Looking back over the year, there was one salient feature that should be worrying all those who work in the art market. It is the number of lawsuits—some ongoing, others judged or under appeal—where art dealers appear to have acted fraudulently, mainly by selling works that were not theirs or selling the same work more than once.
In jail in the US, after pleading guilty to fraud and grand larceny, is art agent Timothy Sammons, who borrowed against works entrusted to him or did not pay off the owners of works he had sold for them. Also cooling his heels in a US prison is Ezra Chowaiki, who pleaded guilty to charges of fraud and selling shares in paintings he didn’t own; a new lawsuit this year sees three art dealers seek the return of a Chagall that Chowaiki had sold. In another high-profile case, dealer Mary Boone was handed a custodial sentence after pleading guilty to tax fraud.
Lawsuits involving the inimitably named Anatole Shagalov, accused of defaulting on art loans (which he denies) continue to this day, while a Berlin dealer (who cannot be named for legal reasons) is facing charges that he allegedly faked one painting and failed to pass on the proceeds of sales to owners of others. And now the London dealer Inigo Philbrick is facing lawsuits in the US, brought by three plaintiffs, who are variously claiming they own works he handled. A UK court also froze his assets in England and Wales. Philbrick has not yet filed a response to these accusations.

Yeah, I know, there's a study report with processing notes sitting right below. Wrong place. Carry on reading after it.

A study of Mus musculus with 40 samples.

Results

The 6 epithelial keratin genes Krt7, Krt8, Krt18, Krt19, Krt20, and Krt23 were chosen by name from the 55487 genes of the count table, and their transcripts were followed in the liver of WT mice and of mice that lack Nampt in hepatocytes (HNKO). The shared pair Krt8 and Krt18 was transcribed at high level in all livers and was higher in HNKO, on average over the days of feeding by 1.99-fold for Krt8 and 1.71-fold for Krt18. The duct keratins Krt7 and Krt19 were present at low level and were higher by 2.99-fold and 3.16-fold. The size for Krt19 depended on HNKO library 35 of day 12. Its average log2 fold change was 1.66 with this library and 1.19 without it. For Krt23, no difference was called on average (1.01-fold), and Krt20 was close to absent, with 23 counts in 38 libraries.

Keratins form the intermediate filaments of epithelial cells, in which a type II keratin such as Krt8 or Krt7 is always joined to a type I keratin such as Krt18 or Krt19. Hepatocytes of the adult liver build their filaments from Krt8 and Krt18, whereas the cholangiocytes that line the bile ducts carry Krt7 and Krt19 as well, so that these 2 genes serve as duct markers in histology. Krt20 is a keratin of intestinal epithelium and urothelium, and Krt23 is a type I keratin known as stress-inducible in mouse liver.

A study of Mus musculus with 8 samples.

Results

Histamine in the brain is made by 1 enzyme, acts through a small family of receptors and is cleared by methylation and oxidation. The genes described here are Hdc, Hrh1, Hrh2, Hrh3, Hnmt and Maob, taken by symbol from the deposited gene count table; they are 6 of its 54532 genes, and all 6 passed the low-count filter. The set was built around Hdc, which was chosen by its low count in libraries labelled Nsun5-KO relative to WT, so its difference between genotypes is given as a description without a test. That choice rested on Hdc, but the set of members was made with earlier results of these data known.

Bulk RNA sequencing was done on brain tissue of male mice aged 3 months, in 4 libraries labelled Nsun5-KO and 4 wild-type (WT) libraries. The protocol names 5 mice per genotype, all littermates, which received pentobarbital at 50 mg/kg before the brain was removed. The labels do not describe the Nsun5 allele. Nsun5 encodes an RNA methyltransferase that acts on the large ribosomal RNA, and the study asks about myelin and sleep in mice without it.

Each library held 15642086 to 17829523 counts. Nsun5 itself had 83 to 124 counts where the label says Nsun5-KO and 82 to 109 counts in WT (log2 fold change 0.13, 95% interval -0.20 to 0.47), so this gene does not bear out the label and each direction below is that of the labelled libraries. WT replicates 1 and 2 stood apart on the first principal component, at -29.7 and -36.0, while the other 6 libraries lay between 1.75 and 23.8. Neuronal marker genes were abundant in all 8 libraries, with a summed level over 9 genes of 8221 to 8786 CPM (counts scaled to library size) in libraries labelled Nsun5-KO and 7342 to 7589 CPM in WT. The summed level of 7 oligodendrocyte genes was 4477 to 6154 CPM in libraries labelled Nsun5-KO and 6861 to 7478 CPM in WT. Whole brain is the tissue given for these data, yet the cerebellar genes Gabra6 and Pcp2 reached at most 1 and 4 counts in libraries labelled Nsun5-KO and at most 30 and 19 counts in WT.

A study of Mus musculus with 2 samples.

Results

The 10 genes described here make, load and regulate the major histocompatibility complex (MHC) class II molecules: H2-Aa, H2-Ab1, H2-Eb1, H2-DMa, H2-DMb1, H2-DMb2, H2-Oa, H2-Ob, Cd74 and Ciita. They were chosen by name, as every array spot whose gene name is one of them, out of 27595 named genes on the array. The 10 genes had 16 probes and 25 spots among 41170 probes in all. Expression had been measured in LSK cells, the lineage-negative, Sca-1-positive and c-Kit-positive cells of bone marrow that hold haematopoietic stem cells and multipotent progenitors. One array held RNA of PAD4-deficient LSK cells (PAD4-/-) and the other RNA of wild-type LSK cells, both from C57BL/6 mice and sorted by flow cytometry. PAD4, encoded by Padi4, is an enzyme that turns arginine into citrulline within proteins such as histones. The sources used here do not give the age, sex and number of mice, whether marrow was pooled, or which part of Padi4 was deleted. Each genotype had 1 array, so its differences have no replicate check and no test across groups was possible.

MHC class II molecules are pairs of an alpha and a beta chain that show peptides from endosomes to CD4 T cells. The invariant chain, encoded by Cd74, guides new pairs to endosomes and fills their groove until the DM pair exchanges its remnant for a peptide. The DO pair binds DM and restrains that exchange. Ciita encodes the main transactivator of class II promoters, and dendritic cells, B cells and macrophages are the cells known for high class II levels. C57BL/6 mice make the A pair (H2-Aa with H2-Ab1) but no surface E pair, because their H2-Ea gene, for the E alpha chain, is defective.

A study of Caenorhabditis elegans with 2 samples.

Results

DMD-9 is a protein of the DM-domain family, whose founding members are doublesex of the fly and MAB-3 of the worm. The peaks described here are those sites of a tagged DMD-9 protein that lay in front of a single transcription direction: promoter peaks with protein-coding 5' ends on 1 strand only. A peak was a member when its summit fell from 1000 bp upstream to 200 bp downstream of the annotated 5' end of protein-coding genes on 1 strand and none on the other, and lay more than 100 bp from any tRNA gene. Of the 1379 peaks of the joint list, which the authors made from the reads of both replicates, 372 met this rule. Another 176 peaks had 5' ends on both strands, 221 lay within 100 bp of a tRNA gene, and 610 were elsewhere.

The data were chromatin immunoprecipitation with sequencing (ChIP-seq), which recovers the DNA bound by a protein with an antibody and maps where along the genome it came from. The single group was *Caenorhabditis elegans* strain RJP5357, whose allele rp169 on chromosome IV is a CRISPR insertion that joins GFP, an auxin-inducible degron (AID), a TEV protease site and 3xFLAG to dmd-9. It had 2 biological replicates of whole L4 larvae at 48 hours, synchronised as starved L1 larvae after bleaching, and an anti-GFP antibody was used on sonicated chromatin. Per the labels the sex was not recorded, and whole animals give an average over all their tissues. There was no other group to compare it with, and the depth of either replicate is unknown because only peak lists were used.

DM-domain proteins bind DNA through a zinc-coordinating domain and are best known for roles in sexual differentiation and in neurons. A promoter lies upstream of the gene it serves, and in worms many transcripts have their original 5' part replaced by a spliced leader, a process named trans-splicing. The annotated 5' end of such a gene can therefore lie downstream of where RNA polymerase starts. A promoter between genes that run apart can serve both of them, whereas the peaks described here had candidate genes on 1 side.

What is going on here? Art frauds are not new, and indeed a newly released film tracks down dealer Michel Cohen, found holed up in France and not about to go back to the US any time soon, where he is accused of a $50m art swindle.
There are several reasons why these cases appeared to be piling up this year. Turbo-charged art prices at the top of the market offer great opportunities, but demand equally huge investments–and when things go wrong this can be a disaster. Even blue-chip names do not always perform well.
Dealers who have borrowed to buy a “dead cert” might find themselves out of pocket when they fail to make a quick return on their purchases. They get in over their head, and, like gamblers, hope that the next deal will cover losses. Ultimately, they may resort to desperate tactics to stay in business.
Facilitating all of this is the opacity of the art market, with owners and sellers demanding anonymity, works of art often stored in freeports and deals conducted out of the public eye and on a handshake.
Sadly, this is giving the art trade a terrible image—even if only a few individuals are involved. And with some, Cohen in particular, a very human failing may be at its root—that of being seduced by the billionaire lifestyle of their clients and resorting to trickery to emulate it.